October is National Disability Employment Awareness Month and although this year celebrates the 20th anniversary of the Americans with Disabilities Act, the level of unemployment for those with physical disabilities is more than twice as high as that of non-disabled Americans.”
Nick Gutwein, President of The Braun Corporation, the world’s largest manufacturer of wheelchair accessible vans, ramps, and wheelchair lifts offered that astounding statistic. I asked him to address some of the myths about hiring people with special needs that prevail in employers minds.
Gutwein shares some statistics, addresses those myths and offers tips for job seekers with disabilities::
Statistics show that employers assume it would be challenging to hire people with special needs. But many are simply myths:
* Myth #1: The changes and costs associated with accommodating a person with a physical disability outweigh the benefits.
Studies by the President’s Committee’s Job Accommodation Network have found that most workers with disabilities require no special accommodations. Among those who do, 15 percent cost the employer nothing and a little over half of the workplace modifications cost $500 or less.
* Myth #2: Hiring people with disabilities will increase worker-compensation rates or the use of sick time.
Absentee rates are virtually equal between employees with and without disabilities, according to a study by DuPont, and insurance providers do not factor disabilities among workers into formulas for worker’s compensation
* Myth #3: People with disabilities won’t be able to handle the job when faced with challenges or tough decisions.
People with disabilities have had to deal with significant challenges. In turn, they’ve developed more acute problem-solving skills and creativity in finding ways to perform tasks others take for granted.
For job seekers with disabilities, the interview process is your time to dispel these myths and show employers why they should hire you. Some tips:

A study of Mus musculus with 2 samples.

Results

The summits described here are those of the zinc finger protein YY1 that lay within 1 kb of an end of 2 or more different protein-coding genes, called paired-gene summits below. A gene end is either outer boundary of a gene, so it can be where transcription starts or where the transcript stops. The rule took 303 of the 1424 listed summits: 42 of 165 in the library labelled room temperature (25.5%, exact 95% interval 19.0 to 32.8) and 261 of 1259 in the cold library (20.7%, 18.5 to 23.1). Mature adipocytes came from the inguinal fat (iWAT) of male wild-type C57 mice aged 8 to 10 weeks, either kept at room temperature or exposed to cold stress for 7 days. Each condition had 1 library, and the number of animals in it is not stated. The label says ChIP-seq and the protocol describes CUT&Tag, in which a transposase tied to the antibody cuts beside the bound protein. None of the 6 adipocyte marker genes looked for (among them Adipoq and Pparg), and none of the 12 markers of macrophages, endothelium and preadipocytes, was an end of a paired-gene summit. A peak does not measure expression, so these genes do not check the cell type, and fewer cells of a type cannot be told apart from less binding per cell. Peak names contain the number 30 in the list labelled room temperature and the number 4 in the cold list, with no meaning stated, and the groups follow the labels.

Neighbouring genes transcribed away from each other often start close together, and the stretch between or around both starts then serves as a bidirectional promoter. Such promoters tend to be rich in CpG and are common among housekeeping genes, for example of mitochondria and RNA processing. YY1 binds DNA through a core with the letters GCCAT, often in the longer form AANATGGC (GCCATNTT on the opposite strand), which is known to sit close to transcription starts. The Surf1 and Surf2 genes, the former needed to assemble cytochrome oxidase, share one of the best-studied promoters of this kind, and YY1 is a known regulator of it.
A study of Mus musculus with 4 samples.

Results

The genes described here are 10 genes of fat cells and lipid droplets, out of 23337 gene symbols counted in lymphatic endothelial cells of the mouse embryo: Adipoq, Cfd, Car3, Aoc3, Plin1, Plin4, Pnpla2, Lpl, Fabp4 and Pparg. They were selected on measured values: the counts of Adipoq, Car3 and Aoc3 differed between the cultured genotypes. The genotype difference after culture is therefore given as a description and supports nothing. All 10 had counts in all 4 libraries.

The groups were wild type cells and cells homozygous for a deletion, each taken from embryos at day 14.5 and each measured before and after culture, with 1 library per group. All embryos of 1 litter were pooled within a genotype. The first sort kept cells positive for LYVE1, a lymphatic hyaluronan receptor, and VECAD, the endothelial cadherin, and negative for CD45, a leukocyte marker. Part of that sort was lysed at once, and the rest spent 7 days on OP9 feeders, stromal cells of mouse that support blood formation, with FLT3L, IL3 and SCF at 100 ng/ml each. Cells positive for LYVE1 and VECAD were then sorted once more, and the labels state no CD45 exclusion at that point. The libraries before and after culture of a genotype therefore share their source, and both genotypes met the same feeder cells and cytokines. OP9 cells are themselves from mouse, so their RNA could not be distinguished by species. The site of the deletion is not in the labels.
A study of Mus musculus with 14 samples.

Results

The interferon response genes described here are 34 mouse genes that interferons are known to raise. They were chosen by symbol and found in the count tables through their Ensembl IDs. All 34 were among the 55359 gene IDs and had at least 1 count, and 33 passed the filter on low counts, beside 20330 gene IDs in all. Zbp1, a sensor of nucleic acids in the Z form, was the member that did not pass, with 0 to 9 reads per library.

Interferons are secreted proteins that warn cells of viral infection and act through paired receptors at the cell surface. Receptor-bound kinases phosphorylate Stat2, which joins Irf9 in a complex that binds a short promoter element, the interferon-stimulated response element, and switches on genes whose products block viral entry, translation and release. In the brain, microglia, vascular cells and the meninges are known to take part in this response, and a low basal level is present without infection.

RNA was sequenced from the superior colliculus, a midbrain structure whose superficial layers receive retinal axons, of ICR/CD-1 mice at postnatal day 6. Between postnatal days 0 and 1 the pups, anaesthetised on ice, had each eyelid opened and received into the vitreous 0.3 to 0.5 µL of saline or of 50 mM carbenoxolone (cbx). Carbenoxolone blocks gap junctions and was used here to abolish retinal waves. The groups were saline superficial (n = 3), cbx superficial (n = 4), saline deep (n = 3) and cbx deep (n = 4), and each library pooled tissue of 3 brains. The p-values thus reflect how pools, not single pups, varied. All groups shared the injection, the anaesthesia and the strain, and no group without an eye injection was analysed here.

* Assess your strengths. Make a list of your best skills and incorporate them into your cover letter and resume. Some strengths may include: problem solving skills, creative thinking and a strong motivation for success.
* Prepare for the Interview. Research the company and the position. Make sure you have several copies of your resume available for the interview, and write down any questions that you may have for the interviewer. For your own reference, make sure you are aware of any laws for those with physical disabilities in the workforce.
* Be yourself. Share your strengths while being honest about your limitations. The interview is your opportunity to dispel the myths about employing someone with a disability. After the interview, follow up with a thank you note to emphasize your strengths and why you would be a great fit for the position.
“We have made great strides in providing accessibility to people with physical disabilities” says Ralph Braun, CEO and co-founder of The Braun Corporation. “But it’s been a slow journey… too slow. The country needs to find ways to accelerate the process so that 20 years from now, the world is significantly more accessible than the one we live in today.”
This is a post by Jobacle team member Nancy LaFever.